Anthropology, by focusing on the “other,” attempts to understand the full range of human experience in the world. Without anthropology, we focus far too easily on aspects of our own culture as if they are true.
By training people to look outside of our own cultures, anthropology allows us to differentiate between what is normative in our everyday lives and what is fundamental to all humans.
There are many things that we “believe” are true of all people, even though they are products of culture. For example, many people have a deep-seated belief that all of us want money, or need money, and that driving belief is core to who and what people are. But such a statement is based on a number of underlying assumptions, such as the belief that we’re individuals, and that money is somehow “real,” and that trading our time and effort for money is something that crosses all cultures.
The Kula Ring
We can step back from the idea that money is real and universal, and realize that we’re making certain assumptions. If we rewrite these ideas outside of culture, we come up with something more like, “people give away things they value less for things that they value more. The details of those exchanges depend on cultural values.”
Money isn’t a thing in and of itself. It’s just a metaphor for certain kinds of power and social status. As part of culture, money isn’t a thing so much as it’s a symbol — a shorthand for larger concepts. Money is a tool, and tools are part of culture rather than a priori of it.
If we go back and look at the research of the first anthropologist to do long term fieldwork, Bronislaw Malinowski (1884 – 1942), we’ll see that the Trobriand Islanders work to gain certain items for trade, and then give those items in trade to others, through the “Kula ring.” We discover that money is not the root of anything, but simply one means (albeit a powerful one in many cultures) as a medium of exchange and reciprocity.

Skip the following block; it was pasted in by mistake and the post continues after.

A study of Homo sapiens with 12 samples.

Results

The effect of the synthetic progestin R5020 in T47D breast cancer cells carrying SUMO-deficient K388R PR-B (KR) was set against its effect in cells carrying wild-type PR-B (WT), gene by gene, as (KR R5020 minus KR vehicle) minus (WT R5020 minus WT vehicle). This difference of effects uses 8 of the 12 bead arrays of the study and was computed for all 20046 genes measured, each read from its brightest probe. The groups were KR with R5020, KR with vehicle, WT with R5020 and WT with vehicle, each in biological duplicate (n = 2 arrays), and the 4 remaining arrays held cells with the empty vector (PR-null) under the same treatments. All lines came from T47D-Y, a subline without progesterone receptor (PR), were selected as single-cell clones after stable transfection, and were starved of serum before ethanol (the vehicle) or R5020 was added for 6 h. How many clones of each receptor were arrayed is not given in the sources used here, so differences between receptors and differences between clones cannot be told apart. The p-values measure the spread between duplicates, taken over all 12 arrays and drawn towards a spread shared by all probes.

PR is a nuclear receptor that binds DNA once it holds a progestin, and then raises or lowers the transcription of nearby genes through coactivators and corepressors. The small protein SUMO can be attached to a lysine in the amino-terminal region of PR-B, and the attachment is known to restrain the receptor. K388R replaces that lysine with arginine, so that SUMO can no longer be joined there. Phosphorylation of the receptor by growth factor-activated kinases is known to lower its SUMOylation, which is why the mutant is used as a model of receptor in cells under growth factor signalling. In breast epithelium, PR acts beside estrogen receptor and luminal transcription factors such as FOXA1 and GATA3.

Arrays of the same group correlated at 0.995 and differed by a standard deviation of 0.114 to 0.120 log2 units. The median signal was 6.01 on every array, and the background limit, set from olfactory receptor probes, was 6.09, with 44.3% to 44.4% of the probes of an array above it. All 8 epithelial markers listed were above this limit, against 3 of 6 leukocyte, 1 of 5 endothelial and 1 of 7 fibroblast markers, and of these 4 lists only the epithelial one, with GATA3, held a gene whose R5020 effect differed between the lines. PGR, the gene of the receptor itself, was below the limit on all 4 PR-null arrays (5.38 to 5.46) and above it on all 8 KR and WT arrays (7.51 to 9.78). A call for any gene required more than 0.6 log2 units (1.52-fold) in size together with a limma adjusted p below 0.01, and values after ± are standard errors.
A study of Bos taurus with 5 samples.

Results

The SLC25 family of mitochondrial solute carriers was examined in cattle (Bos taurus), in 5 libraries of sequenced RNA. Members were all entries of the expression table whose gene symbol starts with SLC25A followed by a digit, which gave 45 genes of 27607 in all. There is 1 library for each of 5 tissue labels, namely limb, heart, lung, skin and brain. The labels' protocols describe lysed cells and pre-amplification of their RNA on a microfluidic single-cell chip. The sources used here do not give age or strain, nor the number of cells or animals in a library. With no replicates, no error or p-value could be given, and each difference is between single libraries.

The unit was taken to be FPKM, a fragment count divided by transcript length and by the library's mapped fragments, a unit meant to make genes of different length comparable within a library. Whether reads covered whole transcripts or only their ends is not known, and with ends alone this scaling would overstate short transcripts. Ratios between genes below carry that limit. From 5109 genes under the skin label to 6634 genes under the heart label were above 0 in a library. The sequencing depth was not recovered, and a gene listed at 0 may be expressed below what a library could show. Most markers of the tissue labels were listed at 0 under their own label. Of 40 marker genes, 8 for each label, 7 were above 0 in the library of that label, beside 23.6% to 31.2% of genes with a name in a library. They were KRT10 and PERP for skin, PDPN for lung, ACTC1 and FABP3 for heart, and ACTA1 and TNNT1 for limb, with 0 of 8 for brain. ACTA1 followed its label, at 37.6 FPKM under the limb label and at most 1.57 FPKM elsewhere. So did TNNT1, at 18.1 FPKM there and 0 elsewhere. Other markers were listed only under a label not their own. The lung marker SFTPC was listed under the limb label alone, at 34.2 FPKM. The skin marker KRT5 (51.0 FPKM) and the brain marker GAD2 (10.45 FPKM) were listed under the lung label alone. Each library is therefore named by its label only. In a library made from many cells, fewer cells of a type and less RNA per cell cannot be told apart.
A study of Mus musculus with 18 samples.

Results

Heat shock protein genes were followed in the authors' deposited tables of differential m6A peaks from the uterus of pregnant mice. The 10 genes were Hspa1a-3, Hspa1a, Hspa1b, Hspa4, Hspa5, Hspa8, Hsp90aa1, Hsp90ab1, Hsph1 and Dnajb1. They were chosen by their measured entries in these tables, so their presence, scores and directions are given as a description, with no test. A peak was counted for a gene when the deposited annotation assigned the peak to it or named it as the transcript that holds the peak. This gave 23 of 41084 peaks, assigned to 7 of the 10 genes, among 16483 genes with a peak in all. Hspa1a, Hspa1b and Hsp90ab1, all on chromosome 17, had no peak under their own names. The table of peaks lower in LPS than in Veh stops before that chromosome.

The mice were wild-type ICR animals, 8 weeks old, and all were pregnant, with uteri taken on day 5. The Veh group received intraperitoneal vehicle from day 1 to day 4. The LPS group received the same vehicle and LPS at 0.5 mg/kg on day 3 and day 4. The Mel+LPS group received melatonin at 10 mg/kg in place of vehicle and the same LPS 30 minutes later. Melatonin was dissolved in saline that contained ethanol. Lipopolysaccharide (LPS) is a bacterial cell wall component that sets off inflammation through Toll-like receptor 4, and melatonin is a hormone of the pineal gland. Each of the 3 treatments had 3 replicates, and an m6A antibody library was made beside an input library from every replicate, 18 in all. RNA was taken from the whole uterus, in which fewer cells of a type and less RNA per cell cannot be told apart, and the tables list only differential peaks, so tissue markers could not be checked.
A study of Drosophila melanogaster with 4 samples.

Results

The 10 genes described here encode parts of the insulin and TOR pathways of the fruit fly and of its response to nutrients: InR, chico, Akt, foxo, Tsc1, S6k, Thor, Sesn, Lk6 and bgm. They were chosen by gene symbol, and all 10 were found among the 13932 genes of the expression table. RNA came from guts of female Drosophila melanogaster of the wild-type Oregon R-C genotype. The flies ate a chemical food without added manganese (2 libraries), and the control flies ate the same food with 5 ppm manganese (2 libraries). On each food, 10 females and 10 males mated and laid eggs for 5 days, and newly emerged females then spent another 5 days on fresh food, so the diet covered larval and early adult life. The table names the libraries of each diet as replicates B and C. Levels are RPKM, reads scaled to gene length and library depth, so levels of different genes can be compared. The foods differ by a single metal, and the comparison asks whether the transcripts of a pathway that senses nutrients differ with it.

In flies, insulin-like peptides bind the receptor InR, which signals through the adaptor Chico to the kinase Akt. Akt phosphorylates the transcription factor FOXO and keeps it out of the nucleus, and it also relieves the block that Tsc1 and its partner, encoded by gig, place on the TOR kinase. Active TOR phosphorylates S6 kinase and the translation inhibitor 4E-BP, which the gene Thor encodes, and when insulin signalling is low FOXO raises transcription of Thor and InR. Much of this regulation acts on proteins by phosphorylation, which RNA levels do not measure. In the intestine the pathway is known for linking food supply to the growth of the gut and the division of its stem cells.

By looking at the Kula ring we can realize, though sometimes with difficulty, that some “things” in culture aren’t really things at all. They are instead physical representations of relationships.
An Old Aesop
This “truth” isn’t really anything new, even in Western culture. You might remember the famous fable of Aesop about the miser who kept his gold buried in his garden.
The miser would leave his house and dig up his gold to look at it. It made him feel good about himself to think “I am a rich man.” Then one day, the gold was gone, stolen. His neighbor took one look at the situation, and suggested that he bury a rock, and go look at that instead. Gold that wasn’t used wasn’t worth more than a rock.
The moral of the story was that wealth that is not used is of no use to anyone. Wealth is about relationships and exchange. The story’s a reminder of something that’s easy for us to forget when we’re caught up in everyday life: that our symbols are “only” symbols.
Anthropology goes further, though. It also reminds us that symbols can be incredibly powerful — not in some intellectual way, but as representations of the relationships between people.
It’s not even fair to refer to them as “only” symbols. Wealth, career, knowledge, and faith are all symbols, but they are also very real. They affect how we live, how we think, and how we relate with others. These symbols affect how we make decisions, how we talk, and whether we’re listened to.
In other words, symbols aren’t “only” anything. If the natural sciences have shown that physical laws are the most powerful force in the universe, then anthropology has show that culture comes a close second.